AdBlue shortage highlights ongoing supply-chain problems

| December 15, 2021

Supply-chain challenges continue to plague Australia despite the significant focus the problem has received in recent years. While the importance of supply chains to Australia’s economic prosperity is well understood, we are yet to come to terms with them as critical elements of sovereignty and national resilience.

We are currently experiencing a painful reminder of the need to adopt a more cross-sectoral approach to supply-chain resilience. Australia imports urea from China to use in making fertiliser. Urea is also the base chemical for diesel exhaust fluid, better known as AdBlue, an additive used in diesel to remove exhaust pollutants. However, China is diverting urea supplies into its own fertiliser production to keep fertiliser costs down and is directing AdBlue production towards addressing air-quality issues ahead of the Beijing Winter Olympics.

The transport sector in Australia has warned that the AdBlue supply is likely to diminish by February; the price of diesel has already risen 10 cents per litre in recent weeks. While AdBlue is an exhaust additive that doesn’t affect engine performance, many post-2010 vehicles will be forced into ‘limp’ mode if a fault is detected, effectively making them undriveable. Shortages of AdBlue will not only impact the transport sector through increased costs, but will have flow-on impacts for food production, availability and cost, as well as air quality. The impacts are expected to be felt across all supply chains.

It’s interesting to ponder for a moment whether a shortage of AdBlue could have been avoided. The fertiliser company Incitec Pivot has announced it will cease manufacturing urea-based fertiliser at its Brisbane facility by December 2022, stating that it couldn’t get access to a long-term gas supply from Australian producers. Could maintaining this facility have been the solution to the shortage of urea for AdBlue and fertiliser production?

These issues represent a convergence of factors that have a limited effect in isolation but, when combined, significantly impact sovereignty and national resilience.

The Productivity Commission’s July report on vulnerable supply chains, while not specifically mentioning urea, noted that ‘even though Australian industry might rely on imports of fertiliser and pesticides from China, the global trade data suggests that Australia could source these products elsewhere if trade with China was disrupted’.

The report added the caveat that further expert advice was needed to ‘determine whether any of the inputs identified in this analysis are critical to production and whether critical inputs, such as fertilisers, are susceptible to other potential vulnerabilities’. It can be good to have a bet each way, but this one wasn’t helpful.

We faced similar challenges to those posed by the AdBlue shortage in 2020 with the availability of Covid-19-safe masks. The story is a little more complex in that it wasn’t the masks that were in short supply but rather an input into their manufacture.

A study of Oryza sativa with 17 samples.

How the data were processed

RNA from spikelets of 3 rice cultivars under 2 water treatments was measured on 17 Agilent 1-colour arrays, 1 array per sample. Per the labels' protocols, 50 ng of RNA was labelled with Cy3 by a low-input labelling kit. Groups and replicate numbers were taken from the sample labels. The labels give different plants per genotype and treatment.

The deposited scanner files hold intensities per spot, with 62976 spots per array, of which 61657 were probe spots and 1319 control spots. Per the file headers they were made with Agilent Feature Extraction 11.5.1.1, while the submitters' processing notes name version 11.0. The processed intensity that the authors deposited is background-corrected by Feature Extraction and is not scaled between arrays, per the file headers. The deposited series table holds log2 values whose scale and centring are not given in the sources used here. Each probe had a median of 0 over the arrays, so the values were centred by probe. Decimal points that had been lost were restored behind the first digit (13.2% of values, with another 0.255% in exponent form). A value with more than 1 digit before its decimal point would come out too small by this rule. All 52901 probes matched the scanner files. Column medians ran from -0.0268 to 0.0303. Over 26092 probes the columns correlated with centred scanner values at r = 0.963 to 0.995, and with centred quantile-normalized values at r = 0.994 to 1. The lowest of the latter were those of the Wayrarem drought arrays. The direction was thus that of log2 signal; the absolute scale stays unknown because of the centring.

Non-woven polypropylene, a component of the masks, is produced by only a few firms worldwide and requires a high initial investment, thereby establishing a barrier to market entry and limiting the speed with which quick alternative production can be found.

The Khapra beetle, a destructive exotic pest that poses a major threat to Australia’s grain, dried fruit, rice and nut industries, provides another example. Last year, the beetles were found in a consignment of refrigerators that was imported in a single shipping container from Thailand. The fridges went to sites in New South Wales and the Australian Capital Territory. A second, more recent detection was in a consignment of highchairs imported from Italy. Tracing, inspection and treatment of the highchairs that were distributed to retail outlets and sold across Australia is still occurring.

Serious detective work by the federal agriculture department found that a shortage of shipping containers resulted in recycling across different commodities from different continents that, coupled with health bans on the use of chlorine and bromide to clean containers, led to cross-contamination.

These are examples of supply chains with single points of failure. It’s likely that others will continue to surface and many more will remain undetected.

Understanding the indicators of vulnerability and resilience from geopolitical, supply-chain, demand and dependency perspectives is key.

It is the confluence of these indicators that results in failure. It’s not enough to map sectoral, or even national, supply chains. We first need to appreciate the cross-sectoral characteristics of a ‘vulnerable’ supply chain. This starts with a deeper understanding of what a critical supply chain means beyond the Australian economy and as an enabler of resilience and national security.

We can’t wait for another problem to arise or divert resources into looking for the next issue. It starts with understanding what we value and what characteristics correlate to the vulnerabilities of those things we value.

Would we have intervened to support local investment if we understood the connection between AdBlue and gas supply to a fertiliser plant? Pre-Covid, the answer would likely have been no. Post-Covid, it should be yes.

This article was published by The Strategist.